Pakistan cuts rate by 0.5 points

Updated 15 December 2012

KARACHI: Pakistan's central bank yesterday lowered its benchmark interest rate by 0.5 percentage points to 9.5 percent, in the light of a fall in inflation.
Year-on-year inflation stood at 6.9 percent in November, the State Bank of Pakistan said in a statement, a faster fall than had been estimated. Food inflation dropped to 5.3 percent and non-food inflation to 8.1 percent.
"This broad based deceleration in inflation is now expected to keep the average inflation for this fiscal year (ending June 30) below the 9.5 percent target for the year," the SBP statement said.
The bank issued a warning about the country's external position, saying substantial debt repayments to the International Monetary Fund had contributed to a decline in foreign exchange reserves from $10.8 billion at the end of June to $8.6 billion.
The Pakistani rupee has fallen by 3.3 percent against the dollar since June, the bank said.
It said that "stressed external position has implications for the rest of the economy". The decline in foreign exchange reserves "is causing contraction in rupee liquidity".
"A depreciating currency is also affecting the size of the outstanding external debt in rupee terms and thus has implications for the fiscal position."
The central bank has now slashed its benchmark interest rate by 250 basis points, from 12 percent to 9.5 percent, since August.


EU could compensate firms hit by US sanctions over Iran — French minister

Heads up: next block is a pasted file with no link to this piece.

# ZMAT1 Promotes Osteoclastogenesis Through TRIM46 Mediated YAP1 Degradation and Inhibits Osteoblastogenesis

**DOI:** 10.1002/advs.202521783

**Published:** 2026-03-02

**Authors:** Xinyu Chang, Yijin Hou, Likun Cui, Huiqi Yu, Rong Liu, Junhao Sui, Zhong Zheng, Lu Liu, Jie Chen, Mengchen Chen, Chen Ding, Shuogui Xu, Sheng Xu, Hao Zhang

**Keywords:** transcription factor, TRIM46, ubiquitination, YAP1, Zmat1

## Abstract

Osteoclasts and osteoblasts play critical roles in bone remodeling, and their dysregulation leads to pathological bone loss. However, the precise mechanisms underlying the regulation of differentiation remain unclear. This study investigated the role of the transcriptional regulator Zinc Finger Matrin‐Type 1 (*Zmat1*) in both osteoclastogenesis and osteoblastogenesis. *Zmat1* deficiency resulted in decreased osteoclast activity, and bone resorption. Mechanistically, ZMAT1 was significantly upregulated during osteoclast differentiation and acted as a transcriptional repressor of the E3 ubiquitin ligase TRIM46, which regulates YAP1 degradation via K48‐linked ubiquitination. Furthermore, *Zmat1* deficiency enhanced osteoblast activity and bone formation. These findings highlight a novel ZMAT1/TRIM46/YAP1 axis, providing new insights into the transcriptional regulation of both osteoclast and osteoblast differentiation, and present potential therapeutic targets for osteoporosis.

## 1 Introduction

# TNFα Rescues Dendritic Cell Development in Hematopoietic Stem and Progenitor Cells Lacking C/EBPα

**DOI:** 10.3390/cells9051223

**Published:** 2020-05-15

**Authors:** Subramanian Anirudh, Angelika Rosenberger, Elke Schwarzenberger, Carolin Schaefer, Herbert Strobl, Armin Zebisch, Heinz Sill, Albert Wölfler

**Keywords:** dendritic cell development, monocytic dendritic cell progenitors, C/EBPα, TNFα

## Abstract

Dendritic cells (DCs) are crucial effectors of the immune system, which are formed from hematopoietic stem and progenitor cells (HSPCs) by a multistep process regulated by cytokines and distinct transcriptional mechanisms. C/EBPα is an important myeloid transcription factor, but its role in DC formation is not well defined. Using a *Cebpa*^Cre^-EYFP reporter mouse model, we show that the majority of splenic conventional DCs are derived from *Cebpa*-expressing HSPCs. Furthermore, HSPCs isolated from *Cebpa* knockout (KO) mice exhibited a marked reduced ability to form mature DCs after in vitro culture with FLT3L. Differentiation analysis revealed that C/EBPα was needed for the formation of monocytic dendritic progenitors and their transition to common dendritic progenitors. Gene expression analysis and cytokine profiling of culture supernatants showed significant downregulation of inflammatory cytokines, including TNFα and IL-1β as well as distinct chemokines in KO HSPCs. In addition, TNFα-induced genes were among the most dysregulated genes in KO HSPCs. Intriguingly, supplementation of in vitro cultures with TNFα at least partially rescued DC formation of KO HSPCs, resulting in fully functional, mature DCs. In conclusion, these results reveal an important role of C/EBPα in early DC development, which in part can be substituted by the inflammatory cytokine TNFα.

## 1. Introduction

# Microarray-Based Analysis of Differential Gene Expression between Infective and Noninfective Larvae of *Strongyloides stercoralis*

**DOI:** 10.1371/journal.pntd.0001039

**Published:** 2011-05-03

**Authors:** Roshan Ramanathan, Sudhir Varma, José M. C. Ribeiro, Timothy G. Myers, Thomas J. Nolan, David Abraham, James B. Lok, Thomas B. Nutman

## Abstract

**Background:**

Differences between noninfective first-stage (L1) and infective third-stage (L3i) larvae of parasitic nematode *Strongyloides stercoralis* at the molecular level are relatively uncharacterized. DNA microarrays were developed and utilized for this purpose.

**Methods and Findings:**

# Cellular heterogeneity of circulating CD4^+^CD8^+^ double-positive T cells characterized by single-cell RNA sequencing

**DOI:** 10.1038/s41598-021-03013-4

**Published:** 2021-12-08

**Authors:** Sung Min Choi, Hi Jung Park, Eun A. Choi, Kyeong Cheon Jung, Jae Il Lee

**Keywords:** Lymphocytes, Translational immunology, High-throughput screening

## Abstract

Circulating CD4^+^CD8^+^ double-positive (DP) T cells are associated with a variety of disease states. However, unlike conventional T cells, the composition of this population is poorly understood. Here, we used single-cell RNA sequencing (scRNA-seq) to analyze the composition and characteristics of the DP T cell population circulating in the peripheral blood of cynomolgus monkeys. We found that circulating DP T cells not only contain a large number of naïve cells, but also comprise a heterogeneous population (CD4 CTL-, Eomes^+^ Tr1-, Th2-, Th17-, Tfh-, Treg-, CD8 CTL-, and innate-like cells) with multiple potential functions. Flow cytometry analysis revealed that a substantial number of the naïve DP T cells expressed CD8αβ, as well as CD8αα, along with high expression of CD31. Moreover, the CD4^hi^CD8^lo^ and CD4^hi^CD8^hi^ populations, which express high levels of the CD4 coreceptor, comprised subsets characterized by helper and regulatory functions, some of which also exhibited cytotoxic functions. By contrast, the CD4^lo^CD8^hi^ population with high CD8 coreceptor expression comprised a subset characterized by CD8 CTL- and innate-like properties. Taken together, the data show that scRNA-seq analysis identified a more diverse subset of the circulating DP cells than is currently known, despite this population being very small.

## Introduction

Updated 20 May 2018

  • In 1996, when the United States tried to penalize foreign companies trading with Cuba, the EU forced Washington to back down by threatening retaliatory sanctions

PARIS: France is looking to see if the European Union could compensate European companies that might be facing sanctions by the United States for doing business with Iran, said French finance minister Bruno Le Maire on Sunday.
Le Maire referred to EU rules going back to 1996 which he said could allow the EU to intervene in this manner to protect European companies against any US sanctions, adding that France wanted the EU to toughen its stance in this area.
In 1996, when the United States tried to penalize foreign companies trading with Cuba, the EU forced Washington to back down by threatening retaliatory sanctions.
European firms doing business in Iran face sanctions from the United States after President Donald Trump withdrew from a 2015 nuclear deal with Iran.
“Are we going to allow the United States to be the economic policeman of the world? The answer is no,” Le Maire told C News TV and Europe 1 radio on Sunday.
Le Maire added it was important Italy kept its EU budget commitments, in light of plans by Italy’s new coalition government to ramp up spending — which could put Rome at odds with the EU.